At some point everyone has heard the question: "Which came first, the chicken or the egg.".  What is surprising about this question is that it can still produce any debate.

It is surprisingly obvious yet one wonders what has contributed to its longevity and its countinued appearance in various arguments.

Why obvious?  Well, let's consider the premises.  Unless one is predisposed to believing that animals simply appear, then we must reject the premise that a chicken can exist as a fully formed adult without any previous existence.  As a result, the only element left to examine is the egg.  Yet, an egg doesn't spring into existence fully formed either.

However, the egg is a pre-requisite to any egg-laying animal, so we could conclude our answer to the question at this point already.  Whatever else one might think, an animal must be born to become an adult, and an egg-laying animal is hatched from an egg to become an adult.  Therefore an egg must precede the adult.  What gives rise to the supposition that there's something more to it?

The problem is that the question operates under the flawed premise that species of any kind are absolute and that there are absolute cut-offs in how they are classified.  It is important to remember that a species is an arbitrary designation based on how we elect to classify particular animals.  If we were to examine the continuum of a chicken's evolutionary path, we would begin with some ancestor, and observe gradual variations occurring, until such time as we arrive at the animal we now call a chicken.  However, what we couldn't do, is to draw a definitive line during this evolutionary path and declare everything on one side of that line as pre-chickens, and everything afterwards as actual chickens.  

One possible way we could approach such a situation would be to use something like a genetic map to specifically define what we consider to be a chicken and then simply examine the genome of each creature until a match occurred.  Obviously this match would've occurred in the egg [using our philosophical question], so we can definitely consider the egg to have occurred first, but it is equally important to note that our selection of a genetic map is also quite arbitrary.  We, as observers, have set the definition, but it would be erroneous to conclude that some absolute dividing line had been crossed beyond our arbitrary definition.

An important point that is often overlooked, is that species designation often implies a directionality to evolution, as if there is some force that is compelling natural selection in the direction of producing a particular species.  Yet, every creature alive is already a complete animal.  Every one may well possess traits that are important, and given the right environmental pressures could prove themselves to be the ancestor of some future species.  Of course, there is no way to know that presently, but it is important to recognize that there are no "transitory" species.  There are no "missing links".  Each animal is a continuation of its predecessors, and if sufficient changes accumulate, then we may consider them to be different species.  However, that is an imposition of our rules and not nature's.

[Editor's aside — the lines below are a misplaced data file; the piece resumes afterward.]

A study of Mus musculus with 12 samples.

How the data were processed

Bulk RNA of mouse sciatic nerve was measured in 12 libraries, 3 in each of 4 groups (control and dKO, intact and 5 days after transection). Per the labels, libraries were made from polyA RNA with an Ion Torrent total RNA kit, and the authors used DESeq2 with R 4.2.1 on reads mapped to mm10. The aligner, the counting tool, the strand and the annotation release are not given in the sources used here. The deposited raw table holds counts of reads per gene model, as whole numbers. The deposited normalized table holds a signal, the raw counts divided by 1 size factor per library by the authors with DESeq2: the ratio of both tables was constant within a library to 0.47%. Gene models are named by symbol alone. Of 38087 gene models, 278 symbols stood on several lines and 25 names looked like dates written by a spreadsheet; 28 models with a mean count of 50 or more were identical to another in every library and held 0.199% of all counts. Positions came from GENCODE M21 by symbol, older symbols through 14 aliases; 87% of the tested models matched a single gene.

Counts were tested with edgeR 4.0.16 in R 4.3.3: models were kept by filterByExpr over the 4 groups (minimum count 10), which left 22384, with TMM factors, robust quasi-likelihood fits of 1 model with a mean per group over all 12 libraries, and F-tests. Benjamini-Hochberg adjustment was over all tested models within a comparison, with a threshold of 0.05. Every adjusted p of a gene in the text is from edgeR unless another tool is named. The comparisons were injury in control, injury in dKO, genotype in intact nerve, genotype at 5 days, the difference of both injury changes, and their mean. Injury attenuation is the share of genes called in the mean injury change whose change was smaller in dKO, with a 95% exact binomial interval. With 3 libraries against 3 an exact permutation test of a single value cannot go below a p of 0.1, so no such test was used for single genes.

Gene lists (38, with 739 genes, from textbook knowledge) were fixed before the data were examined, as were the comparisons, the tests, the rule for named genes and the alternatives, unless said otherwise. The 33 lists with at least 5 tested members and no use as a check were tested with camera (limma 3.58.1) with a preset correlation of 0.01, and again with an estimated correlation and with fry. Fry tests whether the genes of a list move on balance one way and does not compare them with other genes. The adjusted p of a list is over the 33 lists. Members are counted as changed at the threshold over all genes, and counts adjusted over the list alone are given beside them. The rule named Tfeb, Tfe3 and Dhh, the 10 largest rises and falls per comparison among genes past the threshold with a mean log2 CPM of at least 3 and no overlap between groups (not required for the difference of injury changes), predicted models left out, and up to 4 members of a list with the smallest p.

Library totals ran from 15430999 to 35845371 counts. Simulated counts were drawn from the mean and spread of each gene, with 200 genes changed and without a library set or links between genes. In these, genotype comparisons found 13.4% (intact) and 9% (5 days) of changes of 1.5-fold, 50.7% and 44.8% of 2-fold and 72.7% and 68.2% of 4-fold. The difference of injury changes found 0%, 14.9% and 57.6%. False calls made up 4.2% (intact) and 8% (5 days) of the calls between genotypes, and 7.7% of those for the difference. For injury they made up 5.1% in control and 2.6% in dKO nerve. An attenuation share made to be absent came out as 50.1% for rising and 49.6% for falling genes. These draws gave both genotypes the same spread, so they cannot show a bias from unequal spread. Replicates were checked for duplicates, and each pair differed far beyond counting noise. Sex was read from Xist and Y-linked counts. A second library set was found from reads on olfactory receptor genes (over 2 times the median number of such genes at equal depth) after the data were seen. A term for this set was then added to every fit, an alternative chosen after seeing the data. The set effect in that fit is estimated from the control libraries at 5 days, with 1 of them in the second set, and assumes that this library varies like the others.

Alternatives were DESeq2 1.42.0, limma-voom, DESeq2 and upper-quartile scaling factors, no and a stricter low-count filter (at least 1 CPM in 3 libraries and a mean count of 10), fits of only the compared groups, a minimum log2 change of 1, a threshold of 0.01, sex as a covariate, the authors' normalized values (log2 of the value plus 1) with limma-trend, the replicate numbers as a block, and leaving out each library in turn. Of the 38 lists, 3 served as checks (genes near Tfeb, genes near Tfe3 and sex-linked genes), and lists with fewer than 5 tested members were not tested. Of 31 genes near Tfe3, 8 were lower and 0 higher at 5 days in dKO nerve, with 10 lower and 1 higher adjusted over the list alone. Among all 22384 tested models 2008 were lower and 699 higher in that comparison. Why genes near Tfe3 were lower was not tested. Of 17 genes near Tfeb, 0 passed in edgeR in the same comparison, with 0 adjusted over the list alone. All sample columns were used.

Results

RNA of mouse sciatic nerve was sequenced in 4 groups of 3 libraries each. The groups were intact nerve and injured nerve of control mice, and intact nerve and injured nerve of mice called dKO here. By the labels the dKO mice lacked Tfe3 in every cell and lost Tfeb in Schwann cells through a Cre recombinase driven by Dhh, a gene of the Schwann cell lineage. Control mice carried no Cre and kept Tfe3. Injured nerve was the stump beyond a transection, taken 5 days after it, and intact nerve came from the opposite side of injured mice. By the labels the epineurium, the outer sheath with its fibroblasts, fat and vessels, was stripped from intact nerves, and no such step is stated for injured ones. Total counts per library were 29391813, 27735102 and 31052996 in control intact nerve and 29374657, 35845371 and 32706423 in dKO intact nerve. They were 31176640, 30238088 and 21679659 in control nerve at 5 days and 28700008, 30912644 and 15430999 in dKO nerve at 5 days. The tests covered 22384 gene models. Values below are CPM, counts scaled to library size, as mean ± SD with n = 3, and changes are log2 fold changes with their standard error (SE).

So we would find that these distinctions we use for classification aren't absolute and are only apparent when comparing these species over a sufficiently large number of generations where we can clearly see which is the ancestor and which is the modern day animal.

In the end, the point is that each animal lays an egg, and the animal that emerges is similar to the parent with the possibility of possessing a minor variation (1).  So, strictly speaking it isn't necessarily an exact replica of the parent.  As this process continues over many generations, we find that as each offspring varies slightly from its parents, the difference between it and its more distant ancestors becomes increasingly pronounced.  Our designation of a species is little more than arbitrary divisions to account for varying degrees of evolutionary divergence.  Consequently we can safely say that the egg always came first, albeit through a long ancestral line of eggs if we are to be precise (2).


(1)  This is in keeping with the slow evolutionary path generally considered in natural selection.  Clearly events and the environment may accelerate changes due to a variety of other causes, but the essence of the argument would remain the same whether the changes occurred over hundreds of generations or over one.  The egg must always come first.

(2)  Some arguments have tried to claim that this question is subject to the specific definition of an egg, in whether one means that it is intended to produce the chicken, or it is the first result of an actual chicken.  This argument fails, because it presumes prior knowledge regarding the animal that laid the egg.  Consider that if one were to simply receive an egg and analyze it genetically, if it contained a chicken, then it would be considered a chicken egg, regardless of the animal that laid it.  Again, the egg is a pre-requisite to the existence of chickens regardless of how one wishes to define the terms.